What’s with all the animated yetis lately? Last year, we got the decent but forgettable Smallfoot. Earlier this year, we got the stop-motion delight Missing Link. But then Dreamworks animation came up with the new Abominable. How will that work out?
Well, Dreamworks needs something to replace the just-ended How to Train Your Dragon trilogy, so they better hope it works.
Well, it mostly does work, so here we go.
The movie opens with an escape attempt by a small (by yeti standards) yeti in an unidentified Chinese city. The movie shows the escape largely from the yeti’s POV, and when we do see him, it’s mostly in shadows. Eventually, he hides on a rooftop.
Said rooftop is for an apartment building, and one resident there is one Yi. Yi is a hardworking young woman who seems to be something of a loner. She may have a thing for wannabe lady’s man neighbor Jin. But, to the movie’s credit, there really isn’t a romantic subplot to see here. Yi’s father died at some point in the recent past, and her one goal is to take a trip across China that her father plotted out once. As it is, Yi will be taking a trip because it isn’t long before she both finds the yeti (that she names Everest after the mountain he calls home). The rich man who was holding Everest captive wants him back.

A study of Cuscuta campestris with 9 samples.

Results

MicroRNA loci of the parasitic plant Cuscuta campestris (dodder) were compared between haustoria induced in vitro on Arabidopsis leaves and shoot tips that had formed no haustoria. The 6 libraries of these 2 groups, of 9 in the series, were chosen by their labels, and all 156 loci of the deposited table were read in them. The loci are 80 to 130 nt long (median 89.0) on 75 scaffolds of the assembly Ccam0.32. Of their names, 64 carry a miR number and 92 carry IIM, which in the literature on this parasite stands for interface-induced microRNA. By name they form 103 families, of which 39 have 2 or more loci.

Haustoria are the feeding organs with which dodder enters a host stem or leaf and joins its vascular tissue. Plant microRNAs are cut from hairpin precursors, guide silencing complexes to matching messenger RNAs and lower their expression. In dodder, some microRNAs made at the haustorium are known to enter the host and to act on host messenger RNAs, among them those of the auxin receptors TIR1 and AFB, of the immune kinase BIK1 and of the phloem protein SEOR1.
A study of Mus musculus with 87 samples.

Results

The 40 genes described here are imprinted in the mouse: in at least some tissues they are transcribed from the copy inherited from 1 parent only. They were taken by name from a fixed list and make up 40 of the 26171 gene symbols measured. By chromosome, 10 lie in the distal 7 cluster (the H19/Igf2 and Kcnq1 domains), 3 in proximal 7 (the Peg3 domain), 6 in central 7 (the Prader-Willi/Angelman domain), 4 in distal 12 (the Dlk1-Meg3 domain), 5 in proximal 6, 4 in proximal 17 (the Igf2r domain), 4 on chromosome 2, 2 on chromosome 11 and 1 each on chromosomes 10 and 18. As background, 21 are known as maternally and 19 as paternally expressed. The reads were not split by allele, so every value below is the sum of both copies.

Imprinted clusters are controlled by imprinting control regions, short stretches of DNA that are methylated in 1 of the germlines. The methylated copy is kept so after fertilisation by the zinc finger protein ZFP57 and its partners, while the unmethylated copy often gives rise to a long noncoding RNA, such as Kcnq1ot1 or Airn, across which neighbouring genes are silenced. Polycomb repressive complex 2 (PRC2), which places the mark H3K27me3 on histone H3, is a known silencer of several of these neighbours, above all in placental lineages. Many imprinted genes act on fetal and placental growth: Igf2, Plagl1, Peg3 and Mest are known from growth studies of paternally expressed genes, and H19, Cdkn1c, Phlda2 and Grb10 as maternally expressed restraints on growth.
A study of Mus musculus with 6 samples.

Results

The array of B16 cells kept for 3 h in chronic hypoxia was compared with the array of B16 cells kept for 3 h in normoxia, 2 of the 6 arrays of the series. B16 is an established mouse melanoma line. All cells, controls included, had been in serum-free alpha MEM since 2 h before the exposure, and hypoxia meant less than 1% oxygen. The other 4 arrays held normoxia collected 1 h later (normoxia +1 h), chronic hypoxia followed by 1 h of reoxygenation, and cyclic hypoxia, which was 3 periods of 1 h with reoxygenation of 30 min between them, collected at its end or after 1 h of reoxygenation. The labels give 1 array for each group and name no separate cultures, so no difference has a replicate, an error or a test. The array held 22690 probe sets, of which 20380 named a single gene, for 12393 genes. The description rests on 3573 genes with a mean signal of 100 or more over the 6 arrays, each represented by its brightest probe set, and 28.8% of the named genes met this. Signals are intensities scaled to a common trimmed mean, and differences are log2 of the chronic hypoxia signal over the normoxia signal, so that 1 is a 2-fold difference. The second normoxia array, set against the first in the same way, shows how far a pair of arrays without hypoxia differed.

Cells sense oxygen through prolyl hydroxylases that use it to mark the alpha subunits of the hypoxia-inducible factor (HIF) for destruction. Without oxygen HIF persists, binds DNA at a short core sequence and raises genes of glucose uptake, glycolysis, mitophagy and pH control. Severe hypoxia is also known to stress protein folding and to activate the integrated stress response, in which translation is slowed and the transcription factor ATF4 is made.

So, this was a fairly fun movie all told. I wouldn’t call it an all time great, but the animation was crisp, the humor largely worked, and the character were likable if not entirely original. Yi and Jin follow familiar character beats even if none of them are romantic. Jin’s young cousin Peng, also along for the ride, makes for a nice playmate for Everest while Yi treats him in a more parental manner than anything else. He’s not a pet or a friend to her, so he’s not Toothless to her Hiccup.
That said, there was one character who seemed a bit original and had a nice character arc. That would be the rich guy who was holding Everest captive when the movie started. Mr. Burnish (voiced by Eddie Izzard) has some interesting character turns that don’t follow the pattern a viewer might expect of him.
All told, this was a good movie for kids that probably won’t bother adults too much. 8.5 out of 10 whooping snakes.